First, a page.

Capobianco, M.; Hanson, H.; Larson, M.; Steetzel, H.; Stive, M.J.F.; Chatelus, Y.; Aarninkhof, S.; Karambas, T. (2002). Nourishment design and evaluation: applicability of model concepts. Coast. Eng. 47(2): 113-135. hdl.handle.net/10.1016/S0378-3839(02)00123-0
In: Coastal Engineering: An International Journal for Coastal, Harbour and Offshore Engineers. Elsevier: Amsterdam; Lausanne; New York; Oxford; Shannon; Tokyo. ISSN 0378-3839, more
Peer reviewed article  

    Marine
Author keywords
    Nourishment; Modelling; Uncertainty; Sensitivity; Quality control

Authors  Top 
  • Capobianco, M.
  • Hanson, H.
  • Larson, M.
  • Steetzel, H.
  • Stive, M.J.F., more
  • Chatelus, Y.
  • Aarninkhof, S.
  • Karambas, T.

Abstract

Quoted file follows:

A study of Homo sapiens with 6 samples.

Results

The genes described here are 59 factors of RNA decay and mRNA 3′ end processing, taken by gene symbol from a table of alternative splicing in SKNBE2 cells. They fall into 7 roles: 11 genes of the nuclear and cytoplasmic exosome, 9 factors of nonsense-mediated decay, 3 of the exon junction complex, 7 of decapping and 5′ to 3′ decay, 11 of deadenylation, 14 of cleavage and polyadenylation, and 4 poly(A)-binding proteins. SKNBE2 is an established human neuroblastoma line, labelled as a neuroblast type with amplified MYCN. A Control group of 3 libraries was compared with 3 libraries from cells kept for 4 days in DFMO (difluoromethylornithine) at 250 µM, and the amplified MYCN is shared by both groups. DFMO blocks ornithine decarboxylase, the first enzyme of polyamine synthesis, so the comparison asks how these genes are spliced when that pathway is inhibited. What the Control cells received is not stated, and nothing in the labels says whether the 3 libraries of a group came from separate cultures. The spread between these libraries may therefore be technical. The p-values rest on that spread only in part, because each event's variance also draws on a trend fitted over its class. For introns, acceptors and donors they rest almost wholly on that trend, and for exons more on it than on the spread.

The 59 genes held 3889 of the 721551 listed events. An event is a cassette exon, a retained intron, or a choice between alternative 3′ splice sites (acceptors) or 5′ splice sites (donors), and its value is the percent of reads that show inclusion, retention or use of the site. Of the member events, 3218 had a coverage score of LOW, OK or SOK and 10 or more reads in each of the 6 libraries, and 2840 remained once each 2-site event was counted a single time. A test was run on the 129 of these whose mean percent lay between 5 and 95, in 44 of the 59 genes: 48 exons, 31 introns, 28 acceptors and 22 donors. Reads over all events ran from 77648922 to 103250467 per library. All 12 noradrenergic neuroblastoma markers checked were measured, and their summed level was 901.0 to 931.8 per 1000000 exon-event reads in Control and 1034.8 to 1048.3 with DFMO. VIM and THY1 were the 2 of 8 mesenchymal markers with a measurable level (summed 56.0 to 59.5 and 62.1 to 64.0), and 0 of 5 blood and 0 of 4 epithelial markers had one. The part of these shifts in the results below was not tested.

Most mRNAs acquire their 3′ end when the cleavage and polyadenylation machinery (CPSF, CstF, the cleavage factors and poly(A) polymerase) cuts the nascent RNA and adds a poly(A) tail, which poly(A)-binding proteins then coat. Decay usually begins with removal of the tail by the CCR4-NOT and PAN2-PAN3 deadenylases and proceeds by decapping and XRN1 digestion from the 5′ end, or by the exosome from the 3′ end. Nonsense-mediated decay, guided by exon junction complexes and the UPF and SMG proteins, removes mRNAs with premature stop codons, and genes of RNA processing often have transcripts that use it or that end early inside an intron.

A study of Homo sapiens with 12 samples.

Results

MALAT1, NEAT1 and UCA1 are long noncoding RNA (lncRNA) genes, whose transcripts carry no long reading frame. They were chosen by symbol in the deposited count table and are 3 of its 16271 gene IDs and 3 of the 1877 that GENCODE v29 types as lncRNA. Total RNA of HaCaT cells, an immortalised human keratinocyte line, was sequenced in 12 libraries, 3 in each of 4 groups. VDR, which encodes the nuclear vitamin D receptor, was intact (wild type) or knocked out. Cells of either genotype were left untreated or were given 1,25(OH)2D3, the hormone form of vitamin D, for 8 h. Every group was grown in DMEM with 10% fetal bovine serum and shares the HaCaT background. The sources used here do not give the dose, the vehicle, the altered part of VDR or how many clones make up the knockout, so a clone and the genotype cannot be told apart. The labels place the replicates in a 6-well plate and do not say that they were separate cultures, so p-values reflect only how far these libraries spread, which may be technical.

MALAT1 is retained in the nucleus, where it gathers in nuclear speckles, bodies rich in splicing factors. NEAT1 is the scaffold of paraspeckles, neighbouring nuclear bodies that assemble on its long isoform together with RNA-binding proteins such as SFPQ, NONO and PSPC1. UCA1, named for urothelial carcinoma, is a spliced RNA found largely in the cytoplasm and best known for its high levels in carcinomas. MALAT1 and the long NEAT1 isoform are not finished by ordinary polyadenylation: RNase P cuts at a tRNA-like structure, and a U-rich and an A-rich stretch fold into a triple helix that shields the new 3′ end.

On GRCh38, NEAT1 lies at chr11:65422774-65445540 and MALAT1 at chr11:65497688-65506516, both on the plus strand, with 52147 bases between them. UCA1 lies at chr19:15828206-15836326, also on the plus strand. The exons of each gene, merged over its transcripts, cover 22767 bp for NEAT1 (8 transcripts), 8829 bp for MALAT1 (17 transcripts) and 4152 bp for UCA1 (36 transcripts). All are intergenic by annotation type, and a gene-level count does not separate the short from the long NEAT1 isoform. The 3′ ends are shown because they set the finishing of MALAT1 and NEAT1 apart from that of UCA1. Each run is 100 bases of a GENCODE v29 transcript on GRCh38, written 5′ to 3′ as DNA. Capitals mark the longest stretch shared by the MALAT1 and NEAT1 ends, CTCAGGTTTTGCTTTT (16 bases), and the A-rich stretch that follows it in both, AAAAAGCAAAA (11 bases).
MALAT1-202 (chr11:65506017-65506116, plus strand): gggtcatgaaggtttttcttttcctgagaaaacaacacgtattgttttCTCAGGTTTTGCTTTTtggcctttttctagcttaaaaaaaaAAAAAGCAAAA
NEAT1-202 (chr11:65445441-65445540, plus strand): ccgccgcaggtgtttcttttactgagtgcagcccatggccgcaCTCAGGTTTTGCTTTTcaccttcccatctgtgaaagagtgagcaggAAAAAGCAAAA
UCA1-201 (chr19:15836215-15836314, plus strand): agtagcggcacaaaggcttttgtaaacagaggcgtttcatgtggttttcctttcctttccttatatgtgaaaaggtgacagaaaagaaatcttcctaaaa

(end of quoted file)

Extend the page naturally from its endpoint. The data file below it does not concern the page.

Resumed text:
Models can play a fundamental role while moving from nourishment projects to nourishment plans, i.e., when nourishment becomes an integral component of a coastal management strategy. Planning nourishment in the context of a multi-years management strategy requires more significant prediction skills than available in the past and an awareness of dealing with uncertainty. The present paper introduces model classes and modelling situations and describes those elements that are the main sources of such uncertainty. Equilibrium Profile (EP) and Depth of Closure (DoC) are discussed with their time-scale related aspects; granulometry changes are discussed with their effects on the dynamics of a nourished coast; estimation of erosion rate is introduced with its implications on the definition of the “basic state” or the “basic trend” of the coastal system; lateral spreading and beach fill transition are discussed with their economic implications; and calibration and verification are introduced with the additional degrees of freedom that might be added to model development and with reference to risk issues in decision-making. These sources of uncertainty are examined in relation with implications for nourishment and modelling. The main conclusion is that, while there have been significant advances in modelling morphodynamics and morphodynamics applied to nourishment design, advances in defining procedures for quality control of the modelling activity are now required.